Sept. 28, 2018 – West Bend, WI – On Saturday, Oct. 6 there’s going to be an event held at Regner Park Centennial Shelter to benefit research for Tuberous Sclerosis Complex.
TSC is a genetic disease that’s linked to autism and epilepsy.
The story below was written by Erica who lives in Alaska and her son, Ace has TSC. Ace just underwent brain surgery at Texas Children’s Hospital. This was his second surgery. This was written pre-surgery. He is doing well at the moment.
A day in the Life
The morning sunshine filtered through the window, warming the room and letting Ace boy play with his own shadows. Feeling brave he stepped up onto his 2 year old brother’s kiddie table. Looking at his shadow on the wall he began to turn into a seizure. Setting my coffee down I rush to pick him up, the table which seemed so small a moment ago now looks like an injury waiting to happen.
His body convulses, his teeth grinding, hands and toes contorted, I hold him as he screams in terror. Listen to him whimper in pain as he comes out; lay him on the couch as his body goes completely limp. It’s time for his after-seizure nap.
When Ace boy wakes up he is happy to see both his brothers near him. He makes a big happy grin and frolics around the room. Chasing his brothers, laughing as they run around with him. During this time he has multiple small head-drop seizures bringing his seizure count to 12.
It’s 10 am.
A trip to the grocery store, Ace is happy and loud riding in the cart with his little brother. Suddenly he looks to the side and is silent, when his eyes refocus and I know he has come out of the seizure he smiles weakly. He spends the rest of the time at the store quiet and subdued.
Driving home, Ace vomits 5 times. All over himself, me, the van and some of the groceries. His brothers are grossed out and laughing at the same times. It’s become a family joke about how often Ace throws up on mom. Ace opens his mouth in what looks like the beginning of a sweet smile but pukes again instead. We make it home and while I am vacuuming he has another big seizure. His legs thrash and kick, his little brother runs in to help, rubbing Acer’s arm and telling him it’s okay over and over as I hold him as tightly as I can to keep him from injuring himself. He pulls my hair and his violent thrashing means he has punched me in the chin and somewhere near my kidney. The vacuum is still running in the background. The moment he goes limp and his eyes roll back I ask his brother to turn it off. I spend a few moments monitoring his breathing and then cover him with a blanket.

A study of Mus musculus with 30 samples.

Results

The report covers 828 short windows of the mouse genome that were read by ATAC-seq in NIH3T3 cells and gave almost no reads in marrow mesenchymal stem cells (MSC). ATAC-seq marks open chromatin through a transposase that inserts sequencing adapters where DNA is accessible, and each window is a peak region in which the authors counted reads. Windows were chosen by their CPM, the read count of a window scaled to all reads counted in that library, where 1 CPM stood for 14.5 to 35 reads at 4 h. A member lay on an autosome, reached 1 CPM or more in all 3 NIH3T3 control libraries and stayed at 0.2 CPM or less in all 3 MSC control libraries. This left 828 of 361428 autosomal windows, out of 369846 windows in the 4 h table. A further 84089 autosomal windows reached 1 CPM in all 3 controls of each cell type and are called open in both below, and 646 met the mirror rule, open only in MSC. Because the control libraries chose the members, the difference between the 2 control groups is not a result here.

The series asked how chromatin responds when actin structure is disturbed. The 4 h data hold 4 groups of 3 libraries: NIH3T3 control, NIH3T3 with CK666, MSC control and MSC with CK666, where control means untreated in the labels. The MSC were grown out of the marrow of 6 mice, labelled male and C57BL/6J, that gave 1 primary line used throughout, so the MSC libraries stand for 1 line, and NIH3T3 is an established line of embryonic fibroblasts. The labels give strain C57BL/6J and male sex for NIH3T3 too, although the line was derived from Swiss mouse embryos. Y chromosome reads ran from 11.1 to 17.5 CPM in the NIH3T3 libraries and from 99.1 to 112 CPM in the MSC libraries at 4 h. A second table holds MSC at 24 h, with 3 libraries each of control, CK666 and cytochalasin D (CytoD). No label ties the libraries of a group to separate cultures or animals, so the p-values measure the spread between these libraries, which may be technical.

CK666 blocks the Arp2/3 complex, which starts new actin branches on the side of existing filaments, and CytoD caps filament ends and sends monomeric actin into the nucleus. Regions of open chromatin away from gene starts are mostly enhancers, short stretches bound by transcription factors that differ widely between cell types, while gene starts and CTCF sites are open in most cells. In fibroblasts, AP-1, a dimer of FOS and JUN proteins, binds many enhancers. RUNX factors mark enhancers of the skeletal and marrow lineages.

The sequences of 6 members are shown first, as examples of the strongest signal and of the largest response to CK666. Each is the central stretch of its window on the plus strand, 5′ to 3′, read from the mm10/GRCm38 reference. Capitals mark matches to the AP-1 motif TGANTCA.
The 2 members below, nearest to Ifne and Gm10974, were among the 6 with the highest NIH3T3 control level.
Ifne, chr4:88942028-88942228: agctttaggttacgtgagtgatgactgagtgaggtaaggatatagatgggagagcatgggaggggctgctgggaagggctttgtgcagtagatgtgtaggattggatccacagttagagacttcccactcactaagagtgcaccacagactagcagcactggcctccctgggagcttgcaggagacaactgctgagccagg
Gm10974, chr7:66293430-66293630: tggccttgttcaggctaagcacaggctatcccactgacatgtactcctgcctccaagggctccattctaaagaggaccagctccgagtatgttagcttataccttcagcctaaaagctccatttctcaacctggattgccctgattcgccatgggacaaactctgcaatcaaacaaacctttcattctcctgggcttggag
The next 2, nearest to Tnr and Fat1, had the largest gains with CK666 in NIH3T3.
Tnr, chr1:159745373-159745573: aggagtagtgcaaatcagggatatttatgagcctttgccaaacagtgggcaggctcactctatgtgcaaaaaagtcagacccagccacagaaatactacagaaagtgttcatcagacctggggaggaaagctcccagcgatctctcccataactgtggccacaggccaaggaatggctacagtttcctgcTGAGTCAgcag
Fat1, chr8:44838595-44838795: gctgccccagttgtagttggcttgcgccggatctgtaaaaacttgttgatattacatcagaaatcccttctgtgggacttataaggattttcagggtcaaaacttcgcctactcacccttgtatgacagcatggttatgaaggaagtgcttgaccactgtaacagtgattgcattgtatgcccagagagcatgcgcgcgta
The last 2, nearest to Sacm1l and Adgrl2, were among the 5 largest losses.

His brothers play around him, each taking the time to run a hand over his face or touch his arm every few moments. I wonder if they are even aware of their gestures of comfort. When he wakes he eats dinner with us. I can see he is in pain, hear it in quiet whimpers.
He goes out to play in the evening sun on the back deck. He is moving slow, like an old man trying to keep his joints from getting too tight. He makes an effort to run with his brothers but he is exhausted.
His bedtime comes a half an hour early; he is too tired and sore to make it to 7pm. He falls asleep 2 mins after I turn off his light. Final seizure count 31. I turn the baby monitor on, volume up high so when he seizes in his sleep I can be there.
Every day, this is our life. Ace seizes while his brother has his spring concert at school, swimming lessons, soccer games and Rodeos. His seizures are so hard his nose will bleed and still he is a happy boy. He hurts every day and every day he smiles. Our family is so blessed to have him, he brings so much joy it easily cancels out the hardship.
Please join us Oct. 6 at Regner Park for the TSC event.